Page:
The Oregon Public Utility Commission (PUC) on Wednesday approved Portland-based NW Natural's proposal to offer compressed natural gas (CNG) services for the first time. The service is restricted to business vehicle fleets.

The three-member PUC’s order allows NW Natural to offer a utility service by entering into contracts to build utility-owned compression equipment located on customer property. For the time being, the service option will not be available to residential customers.

In its filing last year to the PUC, the natural gas-only distribution utility said it would focus on nonresidential customers with fleets of 40 or more vehicles that return to the same location at night. To get the service, fleet operators must enter contracts of at least 10 years' duration.

NW Natural will "design, plan, engineer, permit, construct, install, inspect, test and maintain" the CNG facilities, according to the PUC. The utility has assured the state regulators that CNG use by fleet operators offers a combination of economic, environmental and safety benefits.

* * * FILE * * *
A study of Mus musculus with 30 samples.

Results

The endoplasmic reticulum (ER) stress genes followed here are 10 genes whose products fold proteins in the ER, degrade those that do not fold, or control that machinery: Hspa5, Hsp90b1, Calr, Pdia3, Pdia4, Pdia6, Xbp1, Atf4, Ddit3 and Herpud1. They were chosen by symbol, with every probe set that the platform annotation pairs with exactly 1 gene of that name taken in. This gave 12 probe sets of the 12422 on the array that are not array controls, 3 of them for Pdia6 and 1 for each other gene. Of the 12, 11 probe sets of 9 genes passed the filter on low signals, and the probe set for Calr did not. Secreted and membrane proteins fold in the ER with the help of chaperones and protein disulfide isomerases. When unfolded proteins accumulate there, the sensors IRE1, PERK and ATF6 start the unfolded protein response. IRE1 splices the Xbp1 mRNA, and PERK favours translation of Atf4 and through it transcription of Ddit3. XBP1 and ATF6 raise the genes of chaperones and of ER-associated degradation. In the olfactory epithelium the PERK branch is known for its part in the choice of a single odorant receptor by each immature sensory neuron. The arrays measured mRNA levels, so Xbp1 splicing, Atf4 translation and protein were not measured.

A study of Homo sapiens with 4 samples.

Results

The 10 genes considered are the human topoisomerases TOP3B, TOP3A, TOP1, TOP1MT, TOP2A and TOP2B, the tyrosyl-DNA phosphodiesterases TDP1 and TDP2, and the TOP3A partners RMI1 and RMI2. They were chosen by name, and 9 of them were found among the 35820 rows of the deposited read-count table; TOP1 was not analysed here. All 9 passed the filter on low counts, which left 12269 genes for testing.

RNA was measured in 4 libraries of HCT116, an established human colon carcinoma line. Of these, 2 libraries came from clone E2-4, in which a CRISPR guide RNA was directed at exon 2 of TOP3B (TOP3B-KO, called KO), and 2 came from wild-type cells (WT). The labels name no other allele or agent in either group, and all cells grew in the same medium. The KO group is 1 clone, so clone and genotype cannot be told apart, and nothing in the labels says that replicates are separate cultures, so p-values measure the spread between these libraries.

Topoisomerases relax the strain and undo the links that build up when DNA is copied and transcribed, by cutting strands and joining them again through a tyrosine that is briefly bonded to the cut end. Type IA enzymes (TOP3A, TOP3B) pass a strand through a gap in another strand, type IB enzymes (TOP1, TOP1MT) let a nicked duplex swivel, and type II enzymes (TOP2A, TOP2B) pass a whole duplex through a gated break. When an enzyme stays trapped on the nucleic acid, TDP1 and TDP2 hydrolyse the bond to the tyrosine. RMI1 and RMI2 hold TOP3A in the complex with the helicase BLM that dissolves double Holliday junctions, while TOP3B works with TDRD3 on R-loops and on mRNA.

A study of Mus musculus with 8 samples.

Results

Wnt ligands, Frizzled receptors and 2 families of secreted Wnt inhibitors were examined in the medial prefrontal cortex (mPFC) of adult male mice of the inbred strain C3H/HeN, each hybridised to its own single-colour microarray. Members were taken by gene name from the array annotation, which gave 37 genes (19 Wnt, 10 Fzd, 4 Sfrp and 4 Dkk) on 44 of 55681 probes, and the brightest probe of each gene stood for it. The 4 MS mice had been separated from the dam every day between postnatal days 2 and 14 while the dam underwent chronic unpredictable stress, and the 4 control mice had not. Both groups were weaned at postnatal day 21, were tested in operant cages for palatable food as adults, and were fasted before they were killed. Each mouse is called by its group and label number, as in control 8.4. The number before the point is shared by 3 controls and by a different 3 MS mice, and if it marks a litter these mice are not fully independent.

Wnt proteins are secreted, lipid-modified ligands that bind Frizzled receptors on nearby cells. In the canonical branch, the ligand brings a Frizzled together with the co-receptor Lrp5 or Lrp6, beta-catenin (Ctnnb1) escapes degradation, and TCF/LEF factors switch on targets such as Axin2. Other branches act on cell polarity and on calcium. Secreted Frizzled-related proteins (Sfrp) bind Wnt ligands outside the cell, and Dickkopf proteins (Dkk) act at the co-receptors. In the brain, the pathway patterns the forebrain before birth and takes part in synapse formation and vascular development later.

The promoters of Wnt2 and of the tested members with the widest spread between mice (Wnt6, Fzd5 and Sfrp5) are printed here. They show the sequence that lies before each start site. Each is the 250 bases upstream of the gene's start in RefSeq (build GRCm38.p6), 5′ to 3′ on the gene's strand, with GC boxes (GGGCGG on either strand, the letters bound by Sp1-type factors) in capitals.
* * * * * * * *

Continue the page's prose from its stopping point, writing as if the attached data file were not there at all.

"Our next steps will be to work with interested customers operating vehicle fleets to help them through the process and understand the service option that NW Natural can now provide," said Barbara Summers, NW Natural business development director.

The utility assured the regulators that business customers will pay all of the costs of the compression services, and that none of the costs associated with the program will be spread to other utility customers.

As it had in California with a similar program being pursued by Sempra Energy's Southern California Gas Co., Newport Beach, CA-based Clean Energy Fuels Corp. opposed the utility's application. However, the proposal had the support of the state Citizens' Utility Board, Northwest Industrial Gas Users, PUC staff, and the state Energy Department.

The state Energy Department argued that the proposal should stimulate competition, not hinder it, in the alternative transportation fuel sector. The PUC said it will review the utility service in two years to determine how competitive it is, with the provision that contracts signed by fleet operators will be grandfathered to remain in place in case regulators alter or eliminate the program two years from now.

Summers said the program supports Gov. John Kitzhaber's goal of developing comprehensive alternative fuel programs, along with supporting state legislators' interest in expanding alternative fuels in transportation.